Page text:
The agreement announced early Sunday morning about the Iranian nuclear program gives Iran the ability to continue to make progress towards achieving a nuclear weapon, while offering it significant relief from the sanctions imposed on it because of the program.
This point is clear beyond doubt. According to the terms of the agreement, Iran is to be permitted to continue enriching uranium to 3.5 percent. Teheran will also not be required to cease centrifuge production. Regarding the heavy water reactor at Arak, which may form the center of a plutonium-led drive for a nuclear weapon–the Iranians have committed not to commission the reactor over the next six months. This is a meaningless concession, since Iran had already declared that it had no plans to commission the reactor before mid-to-late 2014.
The agreement also makes no mention of Parchin, the military production complex south east of Teheran where Iran carries out experiments with high explosives. The Iranian refusal to allow IAEA inspectors access to this site forms a key element of international concern. The Iranians appear to have made no concession of any kind in this regard.
So the core elements of the Iranian drive for a nuclear weapon remain entirely intact–the construction of centrifuges, the enrichment of uranium, the maintenance of the Arak reactor in its present state, and the unimpeded development of the technology and scientific capacity required to produce a nuclear explosive device.
In return for a series of concessions which do not affect these core principles, the sanctions on Iran’s gold and petro-chemicals exports are to be removed. Efforts to reduce Iranian sale of crude oil will be ended, and there will be no new sanctions. Sanctions will be reduced in a number of other related areas as well.
The newly announced deal appears to be the outcome of a long, unseen, bilateral negotiation between the U.S. and Iran, which in recent weeks as it neared fruition began to involve the other members of the ‘P-5+1’ countries. That is, the deal is a U.S. production—the Iranian incentive for accepting it is obvious. So why would the U.S. agree to an arrangement which fails to address the core concerns regarding Iranian nuclear ambitions?
What has become increasingly clear, and is now unmistakable, is that the present U.S. administration is simply unconvinced of the arguments made by its key regional allies that Iran’s regional ambitions represent a dangerous destabilizing force in the Mideast region.
This blind spot is strange. The evidence is plain to see: Iran is an active participant in the Syrian civil war. It dominates Lebanon through Hezbollah. It is closely allied with the government in Iraq. It is engaged in subversion in Bahrain, north Yemen, Kuwait and eastern Saudi Arabia. It actively sponsors Palestinian terror groups engaged in violence against Israel–most importantly Islamic Jihad and Hamas, but also elements within Fatah. The nuclear program is intended to render Iran invulnerable to any serious action to resist or turn back its push for regional domination.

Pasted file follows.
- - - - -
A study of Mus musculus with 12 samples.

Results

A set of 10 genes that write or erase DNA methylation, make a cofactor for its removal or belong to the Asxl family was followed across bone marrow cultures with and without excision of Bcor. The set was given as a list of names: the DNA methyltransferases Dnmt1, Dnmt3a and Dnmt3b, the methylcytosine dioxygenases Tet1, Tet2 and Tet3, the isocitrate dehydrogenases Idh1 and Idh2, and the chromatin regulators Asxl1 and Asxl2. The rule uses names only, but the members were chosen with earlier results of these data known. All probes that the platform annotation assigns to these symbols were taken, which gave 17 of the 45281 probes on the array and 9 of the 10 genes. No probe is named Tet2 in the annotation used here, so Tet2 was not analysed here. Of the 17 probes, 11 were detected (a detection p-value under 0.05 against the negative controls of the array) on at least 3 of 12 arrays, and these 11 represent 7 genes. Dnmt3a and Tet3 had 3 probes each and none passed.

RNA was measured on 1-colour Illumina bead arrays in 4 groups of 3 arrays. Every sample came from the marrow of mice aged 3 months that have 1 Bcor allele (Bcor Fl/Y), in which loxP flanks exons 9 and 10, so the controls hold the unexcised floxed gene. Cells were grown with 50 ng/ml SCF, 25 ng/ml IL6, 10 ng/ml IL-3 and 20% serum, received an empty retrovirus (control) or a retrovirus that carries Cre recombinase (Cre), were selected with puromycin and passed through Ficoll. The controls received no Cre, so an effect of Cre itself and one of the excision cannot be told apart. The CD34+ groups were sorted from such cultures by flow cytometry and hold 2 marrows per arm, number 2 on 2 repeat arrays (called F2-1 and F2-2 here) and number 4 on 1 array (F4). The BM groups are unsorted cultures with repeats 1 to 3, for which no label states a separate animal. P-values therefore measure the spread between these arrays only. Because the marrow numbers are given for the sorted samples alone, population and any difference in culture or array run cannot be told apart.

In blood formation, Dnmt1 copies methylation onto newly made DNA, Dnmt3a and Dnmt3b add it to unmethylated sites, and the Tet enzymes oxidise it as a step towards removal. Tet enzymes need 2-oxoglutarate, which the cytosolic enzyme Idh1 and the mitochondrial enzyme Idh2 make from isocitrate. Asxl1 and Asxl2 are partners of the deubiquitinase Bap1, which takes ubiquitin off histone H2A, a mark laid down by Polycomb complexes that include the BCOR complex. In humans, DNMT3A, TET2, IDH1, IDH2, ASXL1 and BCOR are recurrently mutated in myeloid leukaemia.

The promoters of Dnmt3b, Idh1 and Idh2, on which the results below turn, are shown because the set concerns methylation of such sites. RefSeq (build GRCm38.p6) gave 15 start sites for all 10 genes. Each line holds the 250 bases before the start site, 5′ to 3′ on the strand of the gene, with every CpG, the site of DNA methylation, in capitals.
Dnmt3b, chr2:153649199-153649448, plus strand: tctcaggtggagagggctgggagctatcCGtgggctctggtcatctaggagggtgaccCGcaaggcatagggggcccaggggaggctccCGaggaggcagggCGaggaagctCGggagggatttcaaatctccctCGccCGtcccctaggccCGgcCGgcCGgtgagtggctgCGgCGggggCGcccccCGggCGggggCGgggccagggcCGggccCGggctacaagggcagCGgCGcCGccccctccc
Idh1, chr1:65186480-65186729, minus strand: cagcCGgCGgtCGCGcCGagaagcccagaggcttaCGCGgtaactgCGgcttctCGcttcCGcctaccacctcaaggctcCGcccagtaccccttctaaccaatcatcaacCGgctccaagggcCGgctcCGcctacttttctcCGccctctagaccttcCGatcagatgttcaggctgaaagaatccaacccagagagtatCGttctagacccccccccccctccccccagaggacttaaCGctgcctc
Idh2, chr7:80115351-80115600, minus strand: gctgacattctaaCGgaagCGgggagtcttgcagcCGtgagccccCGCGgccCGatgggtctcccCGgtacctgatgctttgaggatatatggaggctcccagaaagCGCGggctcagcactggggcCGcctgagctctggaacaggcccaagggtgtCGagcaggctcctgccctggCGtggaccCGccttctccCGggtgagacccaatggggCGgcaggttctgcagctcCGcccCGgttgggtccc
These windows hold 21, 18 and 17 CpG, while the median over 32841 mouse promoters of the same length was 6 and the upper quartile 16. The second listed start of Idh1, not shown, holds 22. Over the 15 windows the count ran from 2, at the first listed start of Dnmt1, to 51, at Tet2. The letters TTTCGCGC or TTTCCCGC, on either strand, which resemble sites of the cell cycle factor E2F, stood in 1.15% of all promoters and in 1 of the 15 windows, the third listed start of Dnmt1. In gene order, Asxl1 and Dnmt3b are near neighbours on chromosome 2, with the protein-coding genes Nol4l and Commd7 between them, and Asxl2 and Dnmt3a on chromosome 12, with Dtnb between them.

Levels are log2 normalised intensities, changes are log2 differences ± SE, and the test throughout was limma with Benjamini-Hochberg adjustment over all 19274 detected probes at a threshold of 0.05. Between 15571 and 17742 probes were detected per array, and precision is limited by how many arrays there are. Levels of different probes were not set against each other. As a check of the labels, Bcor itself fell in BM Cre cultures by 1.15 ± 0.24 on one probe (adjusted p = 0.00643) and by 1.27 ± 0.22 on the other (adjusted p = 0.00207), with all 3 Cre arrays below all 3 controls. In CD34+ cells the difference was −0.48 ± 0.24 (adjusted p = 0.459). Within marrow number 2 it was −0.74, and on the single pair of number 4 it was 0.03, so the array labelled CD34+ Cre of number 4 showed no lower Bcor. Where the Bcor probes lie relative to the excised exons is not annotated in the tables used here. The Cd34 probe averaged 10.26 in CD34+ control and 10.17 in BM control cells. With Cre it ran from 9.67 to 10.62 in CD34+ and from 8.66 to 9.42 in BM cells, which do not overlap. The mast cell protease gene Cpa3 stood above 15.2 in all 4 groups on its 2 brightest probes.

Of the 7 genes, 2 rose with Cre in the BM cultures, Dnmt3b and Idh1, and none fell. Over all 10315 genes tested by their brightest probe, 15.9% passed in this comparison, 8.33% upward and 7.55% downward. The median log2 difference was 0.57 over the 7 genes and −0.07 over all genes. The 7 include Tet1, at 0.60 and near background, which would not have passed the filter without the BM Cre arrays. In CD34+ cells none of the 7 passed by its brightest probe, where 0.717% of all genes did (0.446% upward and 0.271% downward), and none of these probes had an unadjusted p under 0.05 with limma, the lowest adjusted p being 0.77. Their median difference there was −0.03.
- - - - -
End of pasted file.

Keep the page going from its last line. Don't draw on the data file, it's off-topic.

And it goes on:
But evidence is of little use if the conceptual tools used for processing it are flawed. This administration in its record on the Middle East appears to have a unique ability not to see the approach of danger. It coolly abandoned a key regional ally in February 2011, when it withdrew its support for Egyptian President Hosni Mubarak. This mistake has now been compounded by the failure to offer support to General Abd al-Fattah al-Sisi, who appears to have saved his country and the region from the nightmare of a Muslim-Brotherhood advance.
Washington duplicated this failure in avoiding support for a number of potential General Sisis in Syria throughout 2011 and 2012. The result has been a rebellion now dominated by al-Qaida, and the real and disastrous prospect of Assad’s and Iran’s victory in Syria.
Iran has engaged in falsehood and prevarication ever since the discovery of its nuclear program a decade ago. In recent days, its leader has issued the latest of his vile statements about Israel–referring to Israeli officials as ‘not humans,’ and to the country and/or its prime minister as a ‘rabid dog.’ Its intentions are plain to see, and its fingerprints are all over the region.
Yet with Iran as with the Muslim Brotherhood, the U.S. and its allies appear to be entirely indifferent to the evidence. The mistake is a similar one. When confronted by ambitious and ideological forces, determined to transform the region in their own image, this administration behaves as though it is dealing with reasonable and amicable partners.
Facile historical comparisons are to be avoided. It isn’t 1938. Each historical era is unique unto itself. Yet in the meeting of a determined, ambitious, and hungry challenger with a tired and declining west, resulting in formulae that provide only a stopgap to prepare further aggression, it is impossible not to be reminded of earlier eras in a number of key particulars. The core problem, in both Munich and Geneva, was the failure to identify evil on its approach.
Jonathan Spyer is a senior research fellow at the Global Research in International Affairs Center, a fellow at the Middle East Forum, and a columnist at the Jerusalem Post. He is the author of The Transforming Fire: The Rise of the Israel-Islamist Conflict.